Episode 27: Moving Abroad - the process, the challenges, the joys with Tom Pewtress, Peter Gollogly, Bryan Bann & Jonathan Lumb
We know that counting the pennies might be a bit of a romance killer. However, if you are thinking Valentine’s Day seems more expensive this year, you are right! Whilst the price of gold has held firm since last year, the cost of many valentine’s classics has gone through the roof. The price of chocolate is up 9%, whilst steaks are a sizzling 154% more expensive this year.
There’s a fair amount of talk in the financial press now about rising inflation, at Skybound we don’t pay much attention to news reports though as they can be written with a dollop of sensationalism and we’re not in the business of selling column inches – we’re in the business of growing our clients’ wealth over the long-term.
However, we know with inflation currently high, that many people want to know more about what inflation means and how it will affect them and their investment plan, here is everything you need to know...
Inflation is the word we use to describe the rise in prices over time.
There are several way to calculate inflation. One of the most common is the percentage change in the Consumer Price Index (CPI), which measures the cost of a typical basket of goods, including food, energy, leisure spending and transport.
Over the past 20 years, on average the inflation rate has been around 2%, ranging from a high of 4% (if we exclude this year)to a low of 0.6%.s.
It had fallen to almost nothing in 2020 as economies ground to a halt due to the crippling impact of worldwide lockdowns.
Enter the biggest government spending spree since World War II. To keep economies afloat, governments around the world pumped trillions into them. When there’s a big increase in the money supply, the demand to spend it can outstrip the supply of things to spend it on. When that happens, prices are pushed up and you get inflation.
Many would argue inflation was therefore inevitable. Rising from a low base though can make it appear worse than it really is. Some believe the recent price rises are simply inflation that would normally have played out in 2020, but instead has been pushed back into 2021 and 2022 due to all the economic distortions.
The 10-year Breakeven Inflation Rate is, which represents market inflation expectations over the next decade, is currently slightly higher than the governments target of 2%. But remember the Breakeven Inflation Rate is just a prediction, and expectations can change in either direction. For now though the market doesn’t seem to be giving much indication about future inflation getting out of hand.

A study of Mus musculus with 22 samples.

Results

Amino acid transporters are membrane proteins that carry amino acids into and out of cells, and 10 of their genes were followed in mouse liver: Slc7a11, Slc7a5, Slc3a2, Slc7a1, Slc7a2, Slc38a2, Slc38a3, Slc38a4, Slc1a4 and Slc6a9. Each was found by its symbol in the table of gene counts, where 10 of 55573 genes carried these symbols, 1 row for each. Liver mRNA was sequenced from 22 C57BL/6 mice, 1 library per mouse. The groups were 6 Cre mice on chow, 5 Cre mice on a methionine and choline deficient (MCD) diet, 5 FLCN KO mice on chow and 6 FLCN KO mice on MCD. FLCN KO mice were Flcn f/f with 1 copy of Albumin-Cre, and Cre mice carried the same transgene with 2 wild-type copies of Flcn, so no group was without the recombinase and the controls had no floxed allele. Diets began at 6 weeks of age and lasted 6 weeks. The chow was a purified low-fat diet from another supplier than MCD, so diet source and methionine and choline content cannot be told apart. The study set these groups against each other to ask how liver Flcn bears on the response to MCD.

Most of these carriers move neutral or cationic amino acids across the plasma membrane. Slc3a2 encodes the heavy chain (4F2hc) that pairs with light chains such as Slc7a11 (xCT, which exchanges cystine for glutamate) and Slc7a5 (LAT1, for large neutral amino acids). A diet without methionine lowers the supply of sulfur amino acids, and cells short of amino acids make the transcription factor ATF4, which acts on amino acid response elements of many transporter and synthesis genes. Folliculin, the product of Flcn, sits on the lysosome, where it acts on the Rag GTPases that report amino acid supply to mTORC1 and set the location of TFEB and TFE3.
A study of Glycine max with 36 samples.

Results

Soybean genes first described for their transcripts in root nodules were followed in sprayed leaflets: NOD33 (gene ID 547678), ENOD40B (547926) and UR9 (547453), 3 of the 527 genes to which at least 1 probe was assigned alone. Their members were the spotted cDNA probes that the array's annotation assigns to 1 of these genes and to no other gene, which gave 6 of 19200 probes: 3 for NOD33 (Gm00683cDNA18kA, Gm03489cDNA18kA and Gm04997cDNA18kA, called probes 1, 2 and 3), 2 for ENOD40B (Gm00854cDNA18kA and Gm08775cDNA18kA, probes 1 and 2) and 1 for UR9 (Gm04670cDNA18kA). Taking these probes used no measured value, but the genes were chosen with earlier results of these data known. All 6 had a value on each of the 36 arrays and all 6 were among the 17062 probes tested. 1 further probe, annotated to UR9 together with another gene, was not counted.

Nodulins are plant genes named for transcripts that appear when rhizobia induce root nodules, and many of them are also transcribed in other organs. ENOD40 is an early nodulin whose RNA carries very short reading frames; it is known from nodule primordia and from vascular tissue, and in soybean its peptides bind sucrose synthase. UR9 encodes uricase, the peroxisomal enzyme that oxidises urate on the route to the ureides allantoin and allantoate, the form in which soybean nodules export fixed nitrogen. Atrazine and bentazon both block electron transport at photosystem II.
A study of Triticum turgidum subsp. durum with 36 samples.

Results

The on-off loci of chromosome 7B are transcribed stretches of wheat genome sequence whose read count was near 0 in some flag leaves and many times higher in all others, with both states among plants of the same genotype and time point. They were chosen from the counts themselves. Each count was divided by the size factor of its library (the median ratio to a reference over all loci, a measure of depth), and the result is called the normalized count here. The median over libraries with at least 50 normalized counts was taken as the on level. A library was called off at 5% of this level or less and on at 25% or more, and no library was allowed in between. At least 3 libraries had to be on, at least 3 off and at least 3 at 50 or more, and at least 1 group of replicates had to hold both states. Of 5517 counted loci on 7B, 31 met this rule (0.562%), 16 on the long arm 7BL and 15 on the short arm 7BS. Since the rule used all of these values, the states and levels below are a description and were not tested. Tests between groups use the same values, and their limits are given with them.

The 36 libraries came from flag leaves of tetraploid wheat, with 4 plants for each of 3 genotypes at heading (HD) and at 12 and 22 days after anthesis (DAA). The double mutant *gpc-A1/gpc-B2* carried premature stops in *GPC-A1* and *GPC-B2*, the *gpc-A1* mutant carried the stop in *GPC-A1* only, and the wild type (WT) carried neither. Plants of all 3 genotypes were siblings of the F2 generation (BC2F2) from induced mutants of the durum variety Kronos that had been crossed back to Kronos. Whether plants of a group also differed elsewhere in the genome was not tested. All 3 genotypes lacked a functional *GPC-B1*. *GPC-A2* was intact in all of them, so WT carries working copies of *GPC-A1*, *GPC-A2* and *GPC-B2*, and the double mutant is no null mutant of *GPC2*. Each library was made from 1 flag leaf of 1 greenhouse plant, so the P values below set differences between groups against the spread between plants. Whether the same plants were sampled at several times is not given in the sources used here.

Of course, markets and economic forecasts could turn out be wrong – they often are. Whether or not inflation keeps picking up or slows back to levels on par with recent years though, one thing’s almost certain – inflation will nearly always be with us.
Inflation erodes wealth. Money now will be worth less in the future as it’ll buy fewer things as prices rise. A little bit of inflation may not seem like much, but over time its effect can have big consequences. Even with 2% inflation, left unchecked your wealth drops by nearly 20% after 10 years, and with 4% inflation your money is worth only two-thirds what it was.
So, although it’s uncertain whether inflation will keep rising or not, any inflation will hold back your spending power in the future. Therefore, if you care about having enough income to live the retirement you want, or make sure those savings for your children keep pace with rising education and housing costs, inflation is something you need to plan for.
Although rising prices are usually an unavoidable part of the world we live in, there is something you can do to protect your wealth from being eroded by inflation – grow it. By growing your wealth, you can not only stay ahead of inflation, but potentially increase your purchasing power for future years.
That’s where Skybound Wealth comes in.
We invest the wealth you entrust to us in portfolios that aim to deliver not only inflation-beating returns, but also market-beating performance too. Although the future of inflation, the economy and markets are unpredictable – as it has been and always will be – our portfolios invest in things that have stood the test of time. Whether inflation goes up, down or sideways you’ll be invested according to what’s most important – helping you achieve your financial goals.